Michael Bamberger
March 03, 2003
Why would Lou Piniella leave a winner in Seattle to manage the Tampa Bay Devil Rays, the worst team in baseball? To be with his family

Safe At Home

Why would Lou Piniella leave a winner in Seattle to manage the Tampa Bay Devil Rays, the worst team in baseball? To be with his family


The missed birthdays, the missed graduations—all baseball lifers, Piniella included, learn to live with them. But last season Piniella felt a deeper loneliness. He found himself rising in the middle of some Seattle nights, looking at family pictures, laughing sometimes, crying others. His youngest son, Derek, a two-time letterman as a defensive end for Virginia Tech, had transferred to Florida, where he was in his final semester. Piniella's daughter, Kristi, had separated from her husband and moved into her parents' home in Avila with her daughter, Kassidy. Anita stayed in Tampa for the season to be with her daughter and granddaughter. Piniella came to a realization: He was too far from home.

In September, Piniella went to his Mariners bosses and told them he would not be able to return in 2003 for the final year of his three-year contract. He was prepared to sit out the season, if need be. Then several managing jobs opened up, including the one in Tampa Bay. The Mariners allowed Piniella to negotiate with the inept Devil Rays—while rejecting his request to talk to the New York Mets, a playoff-caliber club—but demanded compensation, which they received in the form of outfielder Randy Winn, Tampa Bay's best player, after Piniella and the Devil Rays came to terms. As part of the deal Seattle sent infield prospect Antonio Perez to Tampa Bay.

This off-season Piniella made midday drives in his big black Mercedes all over his hometown, some days going to business luncheons to build support for his new team; some days picking up Cuban sandwiches at a shop where he bought sodas as a boy; some days lunching at Malio's Steakhouse, owned by an old friend; many days dropping in on his parents on West Cordelia Street, at the house where he lived from the sixth grade until the day he signed his first pro contract, in 1962, after a year at the University of Tampa.

One day shortly before spring training began, Piniella and a childhood friend, Mondy Flores, met up at Malio's for lunch. The restaurant is a Tampa hangout for businessmen and local pols and other notable figures. Piniella is treated like a king there. On this particular day the booth one down from Piniella's is reserved for George Steinbrenner. He lives in Tampa, and he's a regular at Malio's.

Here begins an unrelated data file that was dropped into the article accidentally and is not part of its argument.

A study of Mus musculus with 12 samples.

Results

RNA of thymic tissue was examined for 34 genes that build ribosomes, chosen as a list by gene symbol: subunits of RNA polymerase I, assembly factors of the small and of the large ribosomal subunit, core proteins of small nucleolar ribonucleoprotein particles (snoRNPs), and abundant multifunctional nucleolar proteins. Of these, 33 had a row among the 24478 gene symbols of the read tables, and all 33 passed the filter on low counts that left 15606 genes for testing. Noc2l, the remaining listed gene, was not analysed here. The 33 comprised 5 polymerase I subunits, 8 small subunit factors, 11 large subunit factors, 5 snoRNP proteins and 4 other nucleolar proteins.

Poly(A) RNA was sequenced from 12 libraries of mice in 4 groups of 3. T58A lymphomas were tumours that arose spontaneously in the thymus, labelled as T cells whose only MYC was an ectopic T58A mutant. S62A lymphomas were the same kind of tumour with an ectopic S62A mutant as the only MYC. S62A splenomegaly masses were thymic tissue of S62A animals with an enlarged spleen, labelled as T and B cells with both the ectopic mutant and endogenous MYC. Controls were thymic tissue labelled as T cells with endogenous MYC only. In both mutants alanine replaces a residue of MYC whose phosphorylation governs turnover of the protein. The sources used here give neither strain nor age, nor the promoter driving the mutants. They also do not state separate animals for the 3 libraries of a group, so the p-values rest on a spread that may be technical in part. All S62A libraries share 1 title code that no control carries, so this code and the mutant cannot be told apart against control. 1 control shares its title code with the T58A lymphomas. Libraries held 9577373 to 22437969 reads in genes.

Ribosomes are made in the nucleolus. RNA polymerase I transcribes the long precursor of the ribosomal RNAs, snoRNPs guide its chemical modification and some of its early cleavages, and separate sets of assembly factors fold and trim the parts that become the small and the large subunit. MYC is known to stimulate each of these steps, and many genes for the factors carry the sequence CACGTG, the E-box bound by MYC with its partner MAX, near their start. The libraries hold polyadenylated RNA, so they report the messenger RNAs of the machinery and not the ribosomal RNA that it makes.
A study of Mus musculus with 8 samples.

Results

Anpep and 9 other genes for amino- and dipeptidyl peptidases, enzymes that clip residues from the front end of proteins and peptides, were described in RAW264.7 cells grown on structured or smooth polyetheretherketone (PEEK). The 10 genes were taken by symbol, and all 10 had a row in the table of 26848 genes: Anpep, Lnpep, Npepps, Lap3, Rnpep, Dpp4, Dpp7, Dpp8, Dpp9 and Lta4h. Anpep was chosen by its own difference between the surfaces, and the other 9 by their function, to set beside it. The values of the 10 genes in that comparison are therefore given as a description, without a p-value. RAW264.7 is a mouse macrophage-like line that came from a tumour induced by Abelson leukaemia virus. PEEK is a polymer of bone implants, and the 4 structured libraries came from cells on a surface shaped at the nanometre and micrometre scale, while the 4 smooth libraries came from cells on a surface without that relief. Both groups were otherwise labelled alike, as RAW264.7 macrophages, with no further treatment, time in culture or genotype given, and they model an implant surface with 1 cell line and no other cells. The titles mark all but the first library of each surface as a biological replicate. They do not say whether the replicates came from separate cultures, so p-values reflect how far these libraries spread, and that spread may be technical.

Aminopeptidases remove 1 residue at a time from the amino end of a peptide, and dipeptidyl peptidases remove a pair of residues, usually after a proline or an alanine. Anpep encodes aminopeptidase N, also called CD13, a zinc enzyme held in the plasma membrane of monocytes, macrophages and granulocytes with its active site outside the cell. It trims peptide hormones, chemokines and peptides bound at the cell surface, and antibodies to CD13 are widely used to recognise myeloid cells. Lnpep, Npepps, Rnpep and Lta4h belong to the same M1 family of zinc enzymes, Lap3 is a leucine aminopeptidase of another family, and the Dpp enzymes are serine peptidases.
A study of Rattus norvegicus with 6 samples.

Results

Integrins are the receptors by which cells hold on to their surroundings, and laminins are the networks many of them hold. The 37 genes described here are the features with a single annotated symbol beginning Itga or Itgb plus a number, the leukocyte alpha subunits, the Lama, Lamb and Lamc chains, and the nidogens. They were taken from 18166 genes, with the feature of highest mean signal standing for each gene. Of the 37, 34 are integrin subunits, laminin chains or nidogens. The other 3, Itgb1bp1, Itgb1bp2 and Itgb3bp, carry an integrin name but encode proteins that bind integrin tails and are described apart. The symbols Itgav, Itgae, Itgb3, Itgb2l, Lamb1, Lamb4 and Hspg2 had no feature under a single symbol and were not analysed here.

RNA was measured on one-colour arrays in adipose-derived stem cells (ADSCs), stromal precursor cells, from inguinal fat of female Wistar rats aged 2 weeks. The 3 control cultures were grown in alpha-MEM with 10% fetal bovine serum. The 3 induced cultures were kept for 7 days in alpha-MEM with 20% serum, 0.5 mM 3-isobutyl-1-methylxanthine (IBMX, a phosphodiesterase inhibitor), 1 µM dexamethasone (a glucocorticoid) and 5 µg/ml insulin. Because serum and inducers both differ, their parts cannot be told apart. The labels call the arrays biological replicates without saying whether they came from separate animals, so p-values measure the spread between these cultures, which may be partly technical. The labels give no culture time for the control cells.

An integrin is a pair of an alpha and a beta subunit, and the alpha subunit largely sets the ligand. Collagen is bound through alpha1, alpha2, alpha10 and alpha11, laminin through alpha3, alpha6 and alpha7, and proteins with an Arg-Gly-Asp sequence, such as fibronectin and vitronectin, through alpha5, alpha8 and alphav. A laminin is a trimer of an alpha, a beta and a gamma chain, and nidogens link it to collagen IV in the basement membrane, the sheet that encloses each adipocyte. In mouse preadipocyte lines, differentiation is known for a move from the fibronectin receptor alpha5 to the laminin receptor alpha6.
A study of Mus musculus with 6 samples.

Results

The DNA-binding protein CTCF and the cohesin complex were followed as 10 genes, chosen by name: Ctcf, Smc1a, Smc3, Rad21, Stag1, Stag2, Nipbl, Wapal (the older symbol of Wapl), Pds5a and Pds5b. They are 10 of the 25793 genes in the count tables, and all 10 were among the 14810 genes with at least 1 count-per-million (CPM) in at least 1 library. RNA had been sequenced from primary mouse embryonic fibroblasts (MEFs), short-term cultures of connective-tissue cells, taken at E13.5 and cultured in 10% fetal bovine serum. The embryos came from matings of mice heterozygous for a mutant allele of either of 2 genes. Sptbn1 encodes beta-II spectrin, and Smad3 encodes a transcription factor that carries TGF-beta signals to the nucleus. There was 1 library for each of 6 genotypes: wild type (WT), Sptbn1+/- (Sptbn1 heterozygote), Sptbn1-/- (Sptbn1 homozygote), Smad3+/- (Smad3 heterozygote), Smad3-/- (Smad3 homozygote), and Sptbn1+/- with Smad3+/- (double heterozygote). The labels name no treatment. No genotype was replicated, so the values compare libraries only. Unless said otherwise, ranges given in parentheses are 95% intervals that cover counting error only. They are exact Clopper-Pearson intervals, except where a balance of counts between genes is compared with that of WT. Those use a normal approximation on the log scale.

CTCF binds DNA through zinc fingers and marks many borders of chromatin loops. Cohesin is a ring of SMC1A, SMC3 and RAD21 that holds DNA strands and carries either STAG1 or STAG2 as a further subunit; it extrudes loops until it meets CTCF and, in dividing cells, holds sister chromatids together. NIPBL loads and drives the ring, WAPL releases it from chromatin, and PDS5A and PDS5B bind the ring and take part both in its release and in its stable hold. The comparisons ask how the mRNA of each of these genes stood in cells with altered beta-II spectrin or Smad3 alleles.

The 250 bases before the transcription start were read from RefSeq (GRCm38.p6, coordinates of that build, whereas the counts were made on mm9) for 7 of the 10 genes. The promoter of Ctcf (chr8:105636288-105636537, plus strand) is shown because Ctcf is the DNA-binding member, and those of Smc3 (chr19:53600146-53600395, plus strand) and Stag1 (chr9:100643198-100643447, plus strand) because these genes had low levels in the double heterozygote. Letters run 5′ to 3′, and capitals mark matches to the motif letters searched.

When the Boss comes in, he and Piniella hug. Steinbrenner has a soft spot for the Piniellas, husband and wife. In all his years of owning the Yankees, only once has the wife of a ballplayer thanked him for a contract, and that was Anita Piniella, for her husband's final deal as a player in 1982. Piniella retired in '84, and Steinbrenner hired him to manage the Yankees in '86. No bus trips in the bush leagues for Sweet Lou. Steinbrenner gave Piniella his start, and it was in the big leagues. But Piniella is unlikely to return to New York and finish in Yankees pinstripes. "I'm pretty sure that when I'm done here," he says out of Steinbrenner's earshot, "I'll be done with baseball."

After lunch Piniella and Flores go for a drive. They pass Legends Field, where the Yankees play each March. They pass their old school, Jesuit High. They speak of big leaguers who grew up in Tampa: La Russa, Dwight Gooden, Al Lopez and Piniella's cousin Dave Magadan. They drive by a neighborhood park where Piniella's father pitched in an amateur league 65 years ago and where Piniella played outfield 45 years ago. "Remember when you caught that fly ball with that sandwich in your glove?" Flores says, looking through a chain-link fence at a dirt field.

"And the lettuce went flying?" says Piniella.

They drive past a dozen large brick buildings where cigars were once made, an industry that died with Castro's rise and the U.S. ban on Cuban tobacco. They stop in front of Piniella's first home, on St. Conrad Street in West Tampa, a street that in Piniella's boyhood, the sweet Tampa of the '50s, was filled with kids playing games. The old Piniella house, a typical Florida bungalow, is now sagging and abandoned.

"Remember how big it was?" Piniella says to Flores. The driveway is covered by weeds.